Visa has taken another step in an ongoing effort to protect consumer security and confidence in the payment system by prohibiting web merchants from providing cardholder information to other companies without the consumer’s knowledge or active consent.
The misleading practice, called ‘data pass’, usually involves a consumer shopping at a familiar retailer. At checkout, the consumer receives an offer for a discount or reward and does not realise it is from a different merchant and comes with unexpected monthly membership fees or recurring charges. Such deceptive marketing can result in high levels of consumer disputes and degrades the efficiency, reliability and security of the payment system. According to a 2009 US Senate Commerce Committee staff report, 35 million consumers have paid US$1.4bn for ‘data pass’ marketing offers.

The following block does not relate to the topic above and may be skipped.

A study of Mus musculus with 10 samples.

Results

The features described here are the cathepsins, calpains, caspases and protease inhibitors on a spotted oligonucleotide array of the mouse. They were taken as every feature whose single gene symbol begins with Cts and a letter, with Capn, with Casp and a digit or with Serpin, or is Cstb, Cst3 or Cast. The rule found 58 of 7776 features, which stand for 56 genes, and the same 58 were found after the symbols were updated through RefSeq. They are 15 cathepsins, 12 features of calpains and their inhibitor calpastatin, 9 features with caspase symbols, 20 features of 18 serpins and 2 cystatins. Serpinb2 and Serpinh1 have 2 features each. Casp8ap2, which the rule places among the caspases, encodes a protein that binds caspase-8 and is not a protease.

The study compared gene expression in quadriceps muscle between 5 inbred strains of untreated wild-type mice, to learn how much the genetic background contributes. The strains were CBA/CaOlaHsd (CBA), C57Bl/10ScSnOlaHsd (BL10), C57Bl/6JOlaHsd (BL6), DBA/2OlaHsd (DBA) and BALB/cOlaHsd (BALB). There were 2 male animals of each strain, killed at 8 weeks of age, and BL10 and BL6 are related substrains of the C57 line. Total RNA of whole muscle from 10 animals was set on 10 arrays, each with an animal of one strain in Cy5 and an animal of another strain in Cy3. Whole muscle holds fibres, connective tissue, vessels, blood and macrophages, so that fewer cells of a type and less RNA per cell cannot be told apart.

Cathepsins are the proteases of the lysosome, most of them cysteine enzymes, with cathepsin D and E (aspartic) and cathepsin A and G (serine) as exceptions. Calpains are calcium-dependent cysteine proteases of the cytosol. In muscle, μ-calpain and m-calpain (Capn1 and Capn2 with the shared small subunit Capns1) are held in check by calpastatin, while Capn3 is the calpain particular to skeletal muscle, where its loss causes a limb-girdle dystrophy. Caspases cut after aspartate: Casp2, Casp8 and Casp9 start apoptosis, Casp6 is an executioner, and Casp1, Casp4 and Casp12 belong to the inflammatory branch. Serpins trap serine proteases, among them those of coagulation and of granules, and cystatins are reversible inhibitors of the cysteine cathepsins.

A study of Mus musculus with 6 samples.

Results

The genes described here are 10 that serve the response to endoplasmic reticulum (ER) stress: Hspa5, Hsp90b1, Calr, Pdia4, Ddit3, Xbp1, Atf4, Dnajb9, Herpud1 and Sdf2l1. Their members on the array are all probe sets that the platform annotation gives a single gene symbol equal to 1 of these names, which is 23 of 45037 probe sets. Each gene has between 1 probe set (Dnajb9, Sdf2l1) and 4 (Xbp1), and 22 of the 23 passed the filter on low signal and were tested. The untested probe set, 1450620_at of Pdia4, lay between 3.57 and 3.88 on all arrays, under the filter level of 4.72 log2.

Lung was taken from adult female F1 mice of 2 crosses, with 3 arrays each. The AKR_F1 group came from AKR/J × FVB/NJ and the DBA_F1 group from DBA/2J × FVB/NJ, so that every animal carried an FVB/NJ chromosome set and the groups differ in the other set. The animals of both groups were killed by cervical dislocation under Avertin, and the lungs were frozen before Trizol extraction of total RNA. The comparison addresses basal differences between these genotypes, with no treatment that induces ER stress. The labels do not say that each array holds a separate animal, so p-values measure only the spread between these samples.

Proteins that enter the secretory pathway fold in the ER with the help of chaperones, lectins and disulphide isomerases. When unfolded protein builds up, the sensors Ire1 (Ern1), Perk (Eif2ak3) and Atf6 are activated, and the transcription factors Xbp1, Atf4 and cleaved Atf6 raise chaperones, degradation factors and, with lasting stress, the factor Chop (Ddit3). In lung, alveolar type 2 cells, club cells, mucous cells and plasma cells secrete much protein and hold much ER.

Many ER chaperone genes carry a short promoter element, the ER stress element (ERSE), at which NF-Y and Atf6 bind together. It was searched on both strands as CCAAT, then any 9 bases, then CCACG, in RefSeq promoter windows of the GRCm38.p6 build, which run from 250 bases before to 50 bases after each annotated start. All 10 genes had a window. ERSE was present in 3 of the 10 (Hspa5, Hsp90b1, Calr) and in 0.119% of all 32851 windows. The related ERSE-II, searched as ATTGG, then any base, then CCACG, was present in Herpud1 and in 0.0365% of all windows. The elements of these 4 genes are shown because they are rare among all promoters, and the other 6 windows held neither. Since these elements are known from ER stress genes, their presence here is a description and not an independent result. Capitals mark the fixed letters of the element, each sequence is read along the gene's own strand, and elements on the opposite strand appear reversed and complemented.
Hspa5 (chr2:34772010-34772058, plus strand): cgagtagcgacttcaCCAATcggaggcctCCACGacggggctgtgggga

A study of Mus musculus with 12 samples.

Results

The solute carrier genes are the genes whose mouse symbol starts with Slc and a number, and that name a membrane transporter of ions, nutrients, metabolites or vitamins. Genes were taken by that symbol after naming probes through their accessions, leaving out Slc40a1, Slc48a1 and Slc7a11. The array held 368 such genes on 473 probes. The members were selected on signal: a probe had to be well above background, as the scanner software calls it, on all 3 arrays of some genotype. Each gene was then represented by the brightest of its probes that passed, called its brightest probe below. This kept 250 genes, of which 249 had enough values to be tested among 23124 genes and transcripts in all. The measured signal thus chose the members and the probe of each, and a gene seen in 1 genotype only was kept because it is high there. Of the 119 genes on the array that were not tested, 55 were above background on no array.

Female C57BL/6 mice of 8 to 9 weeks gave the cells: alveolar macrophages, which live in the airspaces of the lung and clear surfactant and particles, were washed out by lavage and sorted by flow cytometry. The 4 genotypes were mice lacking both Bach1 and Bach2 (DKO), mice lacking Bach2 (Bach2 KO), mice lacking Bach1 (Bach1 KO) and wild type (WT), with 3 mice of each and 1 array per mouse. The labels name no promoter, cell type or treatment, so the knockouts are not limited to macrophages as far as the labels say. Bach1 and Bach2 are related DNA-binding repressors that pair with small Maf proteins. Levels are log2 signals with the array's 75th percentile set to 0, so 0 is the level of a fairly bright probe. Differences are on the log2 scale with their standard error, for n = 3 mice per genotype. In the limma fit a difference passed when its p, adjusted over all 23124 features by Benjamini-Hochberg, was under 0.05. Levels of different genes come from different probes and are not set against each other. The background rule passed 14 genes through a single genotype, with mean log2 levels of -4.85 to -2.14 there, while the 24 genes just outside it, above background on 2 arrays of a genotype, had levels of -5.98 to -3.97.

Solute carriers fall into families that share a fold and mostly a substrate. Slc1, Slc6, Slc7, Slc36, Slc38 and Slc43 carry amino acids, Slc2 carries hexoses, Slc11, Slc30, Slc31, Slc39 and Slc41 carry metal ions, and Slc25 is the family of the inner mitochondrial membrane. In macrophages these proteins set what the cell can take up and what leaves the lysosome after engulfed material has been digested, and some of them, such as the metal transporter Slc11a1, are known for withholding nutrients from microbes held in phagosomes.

“Visa’s priority is protecting our cardholders and the integrity of the electronic payments system. Consumers who shop online using their Visa cards should be confident that they will only be charged for the products and services they legitimately intend to purchase – not those that are foisted on them through deceptive data pass schemes,” said Martin Elliott, senior business leader, US payment system risk, Visa.
Visa’s rules already prohibit merchants from sharing a cardholder’s account number and other Visa transaction information with any entity that is not directly involved in completing the transaction, preventing fraud, or as required by law. To address the data pass practice, merchants will now have to prompt consumers to re-enter their card information to accept a subsequent offer from a third-party merchant. This provides a clear signal to cardholders that a second purchase is being initiated and protects them from questionable marketing practices.